Brands Seeking Balance Between Data & Humanity

November 8, 2019

What place does humanity still hold in an increasingly data-driven marketing world? And how can brands still grab attention against a cluttered content backdrop? These were among the profound questions asked last week as Brand Innovators came calling at the world’s largest beverage company.

What place does humanity still hold in an increasingly data-driven marketing world? And how can brands still grab attention against a cluttered content backdrop? These were among the profound questions asked last week as Brand Innovators came calling at the world’s largest beverage company.

PepsiCo was kind enough to host a BI Marketing Innovation Summit for the second year running inside their impressive Westchester, New York headquarters. The event was sponsored by our friends at LiveRamp.

Kristen O’Toole of PepsiCo

Emcee Kristen O’Toole (Pepsi’s Shopper Marketing Manager-Tea & Coffee) kicked things off with some remarks about the “attention economy,” i.e., attention as a commodity in short supply. (By now we’ve all seen that stat comparing humans to goldfish.) O’Toole made the case that the challenge brands face here is becoming more acute over time. This became a recurring theme throughout the day as multiple speakers made references to how important it is for brands to present themselves compellingly enough to cut through all the clutter.

Nicole Portwood of PepsiCo

PepsiCo VP-Marketing Nicole Portwood delivered a passionate keynote that sought to find a balance between all-important data and the people it’s meant to serve. She urged the audience to “think like a person, not a marketer.”

“We think of data as unlocking so much potential to personalize messages and push people further down the funnel and it absolutely can do that,” she said. “But there are people at the center of all of those little points of data. We forget them at our peril.”

Portwood cited Tito’s, Glossier and Patagonia as brands who are doing it the right way–that is, heavily leveraging data to provide experiences that makes customers feel like unique individuals instead of part of a herd.

L-R: Nicole Portwood (VP-Marketing, PepsiCo), Neehan Sheikh (Marketing Manager, Mountain Dew), Pearl Tam (Sr Director-Content & Community, Brand Innovators)

“Use the data, use the tech,” Portwood opined. “But most importantly, keep the humanity. In your interactions with people and in your brand planning. We are all here because of the connections we make with people so let’s act like it.”

The day’s central panel welcomed marketers from four brands for a discussion centered on TV, video and the future of media. Thanks to our panelists–Jeff Giacchetti, US Digital Marketing & Media Lead, Laundry & Home Care for Henkel; Paul Gelb, Head of Social & Programmatic for Bayer; Katie Hannify, Head of Media Strategy & Investment, Pepsi Beverages North America for PepsiCo; and Anna Papadopoulos, VP Media & Sponsorships for Prudential Financial–for giving the audience a taste of how OTT and programmatic will define the future.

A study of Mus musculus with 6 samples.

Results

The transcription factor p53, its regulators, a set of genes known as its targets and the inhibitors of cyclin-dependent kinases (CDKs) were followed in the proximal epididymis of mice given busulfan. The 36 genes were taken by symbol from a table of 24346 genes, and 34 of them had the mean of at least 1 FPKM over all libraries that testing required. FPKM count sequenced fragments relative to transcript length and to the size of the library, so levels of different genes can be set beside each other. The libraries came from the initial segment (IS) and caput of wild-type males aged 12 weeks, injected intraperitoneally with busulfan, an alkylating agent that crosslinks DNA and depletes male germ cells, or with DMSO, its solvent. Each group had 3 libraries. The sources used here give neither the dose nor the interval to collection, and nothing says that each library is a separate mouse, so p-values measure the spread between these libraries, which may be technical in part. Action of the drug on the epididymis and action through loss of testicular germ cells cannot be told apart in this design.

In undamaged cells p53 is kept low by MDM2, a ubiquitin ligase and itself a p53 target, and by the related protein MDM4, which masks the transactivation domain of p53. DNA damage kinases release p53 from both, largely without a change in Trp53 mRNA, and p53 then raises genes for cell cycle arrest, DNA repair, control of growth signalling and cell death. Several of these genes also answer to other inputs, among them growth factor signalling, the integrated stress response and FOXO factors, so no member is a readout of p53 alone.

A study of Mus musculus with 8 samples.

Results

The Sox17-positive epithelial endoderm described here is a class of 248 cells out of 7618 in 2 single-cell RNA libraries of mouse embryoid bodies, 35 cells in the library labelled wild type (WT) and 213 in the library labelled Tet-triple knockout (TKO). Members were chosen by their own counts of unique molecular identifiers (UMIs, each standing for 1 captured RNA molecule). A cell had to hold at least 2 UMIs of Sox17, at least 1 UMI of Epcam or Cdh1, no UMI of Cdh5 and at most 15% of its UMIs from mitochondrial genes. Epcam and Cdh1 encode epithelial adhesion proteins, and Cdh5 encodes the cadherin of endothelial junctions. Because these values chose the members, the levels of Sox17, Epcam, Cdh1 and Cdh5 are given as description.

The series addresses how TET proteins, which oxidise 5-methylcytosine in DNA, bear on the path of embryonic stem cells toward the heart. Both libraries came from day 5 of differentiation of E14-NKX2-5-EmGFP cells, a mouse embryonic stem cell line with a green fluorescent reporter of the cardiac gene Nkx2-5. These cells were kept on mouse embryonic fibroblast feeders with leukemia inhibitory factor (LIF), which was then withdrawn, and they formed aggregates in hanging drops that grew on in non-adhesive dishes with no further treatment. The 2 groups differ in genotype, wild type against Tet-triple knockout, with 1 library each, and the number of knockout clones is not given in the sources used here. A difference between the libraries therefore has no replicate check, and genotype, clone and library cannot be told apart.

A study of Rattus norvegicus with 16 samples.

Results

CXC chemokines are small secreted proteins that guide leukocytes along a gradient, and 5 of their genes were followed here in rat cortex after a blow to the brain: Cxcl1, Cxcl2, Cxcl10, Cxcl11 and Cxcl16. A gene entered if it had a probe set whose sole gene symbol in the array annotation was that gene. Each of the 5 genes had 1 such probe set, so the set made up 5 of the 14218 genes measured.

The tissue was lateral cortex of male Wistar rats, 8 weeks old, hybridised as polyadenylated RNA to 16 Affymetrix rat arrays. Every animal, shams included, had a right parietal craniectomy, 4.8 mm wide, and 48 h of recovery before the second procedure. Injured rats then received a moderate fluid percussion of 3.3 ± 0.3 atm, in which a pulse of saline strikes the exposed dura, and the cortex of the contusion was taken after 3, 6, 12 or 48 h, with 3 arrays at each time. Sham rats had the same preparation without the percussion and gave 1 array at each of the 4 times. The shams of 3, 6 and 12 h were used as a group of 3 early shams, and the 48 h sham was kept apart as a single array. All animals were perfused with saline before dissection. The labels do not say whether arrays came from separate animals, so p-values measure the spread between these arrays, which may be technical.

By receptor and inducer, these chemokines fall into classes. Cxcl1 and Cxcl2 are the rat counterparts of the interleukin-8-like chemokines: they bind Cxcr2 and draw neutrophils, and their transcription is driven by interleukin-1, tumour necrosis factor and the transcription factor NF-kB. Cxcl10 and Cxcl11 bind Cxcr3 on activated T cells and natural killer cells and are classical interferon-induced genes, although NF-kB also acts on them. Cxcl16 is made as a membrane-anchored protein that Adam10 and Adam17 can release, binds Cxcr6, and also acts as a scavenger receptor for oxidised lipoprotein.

L-R: Katie Hannify (PepsiCo); Jeff Giacchetti (Henkel); Anna Papadopoulos (Prudential Financial); Paul Gelb (Bayer); and moderator Gayatri Bhalla (LiveRamp)

We were thrilled to welcome James Gregson, Head of Social Studio at The LEGO Group, for his keynote on “Building Social Equity Brick By Brick.” (See what he did there?) Gregson leads a team inside LEGO’s internal creative agency that is made up of digital content strategists, creative designers, producers and video editors. He outlined how LEGO built a fun and engaging social media presence over the past decade while stressing the power of embracing disruption. He also shared LEGO’s mantra: “We want to be the best at adapting to, predicting & driving change across the digital landscape.”

James Gregson of The Lego Group

Brand Innovators regular Todd Kaplan (VP-Marketing, Pepsi) had the last word in a late-day fireside chat. Kaplan raved about the work CMO Fernando Machado has done at Burger King and praised what he called BK’s “creative challenger mentality.”

Pepsi’s Todd Kaplan (at right) along with moderator Gayatri Bhalla (LiveRamp)

“A lot of people mistake a challenger brand for being a ‘challenged’ brand,” Kaplan said. “A challenger brand is more about a mindset. It’s the idea of trying to disrupt convention and having a strong point of view.” Kaplan’s comments were well-taken, particularly in light of that earlier “attention economy” conversation. If there’s ever been a time for brands to justify taking chances with their creative, it’s right now.

Thanks again to PepsiCo NA for hosting us. To learn more about this and other Brand innovators events, go here.